Meghan Smythe is an up-and-coming artist who is originally from Ontario but now lives and works in Long Beach, Calif. She received her MFA from the Alfred University School of Art and Design in New York. Her biography states that she works within “contradicting extremes” in humans: intimacy and brutality, beauty and ugliness, the lewd and tender. The Mark Moore Gallery in Culver City, Calif. states that her most recent exhibition, A Swollen Light Behind the Eye (Jan. 8 — Feb. 14, 2015), reaches for an “elegant vulgarity,” with the conflicting poles eventually defining our mortality.
Above image: Installation view of Meghan Smythe, A Light Culture, 2015, ceramic, glaze, resin, epoxy and plasticine, 70 x 50 x 60 inches
The gallery states of the show:
Says the artist, “I work in and out of representation to find a visual lexicon where the weight of an archetype gives way. At this breaking point, lunacy meets levity and the indulgent narrative falters, turns back on itself, and is ultimately undone.” Glass, ceramic, and concrete are woven together in an elaborate, orgy-like web of body parts and organic artifacts, as if suddenly cast within Pompeii-like circumstances. Like excavated antiquities or fossils, Smythe’s glazed materials allude to the recurrent nature of civilization, and our perpetual hunt for the sublime – a dramedy in which all of the players are subject to conquest and demise.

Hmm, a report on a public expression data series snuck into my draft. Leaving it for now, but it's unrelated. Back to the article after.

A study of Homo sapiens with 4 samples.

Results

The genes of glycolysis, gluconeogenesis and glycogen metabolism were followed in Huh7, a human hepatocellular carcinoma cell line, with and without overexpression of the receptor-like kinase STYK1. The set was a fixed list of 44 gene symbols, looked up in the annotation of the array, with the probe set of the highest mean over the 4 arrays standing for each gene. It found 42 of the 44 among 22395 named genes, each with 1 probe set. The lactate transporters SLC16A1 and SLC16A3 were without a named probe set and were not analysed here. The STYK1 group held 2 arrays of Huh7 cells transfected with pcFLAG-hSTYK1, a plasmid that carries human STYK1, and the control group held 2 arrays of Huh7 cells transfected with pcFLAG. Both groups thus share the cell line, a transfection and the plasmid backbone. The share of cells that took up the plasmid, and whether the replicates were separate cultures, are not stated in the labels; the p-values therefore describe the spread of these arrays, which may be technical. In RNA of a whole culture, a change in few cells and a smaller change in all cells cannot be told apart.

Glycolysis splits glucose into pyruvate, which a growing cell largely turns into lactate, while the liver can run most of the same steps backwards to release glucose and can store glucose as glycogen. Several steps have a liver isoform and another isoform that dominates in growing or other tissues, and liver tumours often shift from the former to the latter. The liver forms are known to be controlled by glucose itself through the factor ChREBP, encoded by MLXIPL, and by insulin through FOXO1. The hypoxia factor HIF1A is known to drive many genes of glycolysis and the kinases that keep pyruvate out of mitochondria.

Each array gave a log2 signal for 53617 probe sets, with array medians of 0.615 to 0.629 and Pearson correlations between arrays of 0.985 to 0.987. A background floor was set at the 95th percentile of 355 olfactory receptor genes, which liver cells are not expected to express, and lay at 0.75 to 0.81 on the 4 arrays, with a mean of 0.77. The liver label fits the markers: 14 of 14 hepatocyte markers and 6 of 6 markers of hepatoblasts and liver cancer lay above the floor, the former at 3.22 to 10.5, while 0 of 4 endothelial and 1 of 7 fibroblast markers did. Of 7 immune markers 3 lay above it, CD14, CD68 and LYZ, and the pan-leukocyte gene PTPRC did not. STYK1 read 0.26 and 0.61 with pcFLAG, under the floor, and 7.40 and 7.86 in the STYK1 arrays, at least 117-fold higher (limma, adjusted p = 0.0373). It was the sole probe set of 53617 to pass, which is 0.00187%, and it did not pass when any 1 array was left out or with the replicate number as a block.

In her review of the exhibition, LA Times critic Leah Ollman said Smythe, with her hand-sculpted, pinched forms “invoke(s) the very stuff of life,” as they tilt between erotic highs and “deathly dismemberment.” Ollman states:
“Young Unbecoming” is the most complex of the group, a breathless orgy of bodies grasping, bending, licking, twisting. There are three, or more precisely 3 1/2, female figures in the mix, plus an assortment of stray phalli and a plethora of clutching hands.
Limbs are entwined, tongues extended. Clay is rarely, if ever, this carnal. Some of the skin is mannequin-smooth but veined with cracks. Some seeps a pink foam or a pale fecal flood. Erotic pleasure plays a part here, but is only one of many competing charges.
Throughout this, and Smythe’s other works, there is a violent fragmentation that zigzags between sexual fantasy and deathly dismemberment. With its human shipwreck of compromised flesh, “Young Unbecoming” brings to mind Gericault’s “Raft of the Medusa,” and exudes comparable, palpable urgency.
Call us spooky, but eventual dissolution is on our minds a lot these days and it’s intriguing to think how our peaks, indulgences and failures are all leading us to similar ends. In the works’ eroticism we are confronted with a picture of sex we were too afraid to explore ourselves even though we have been living within it for some time.
Any thoughts about this post? Share yours in the comment box below.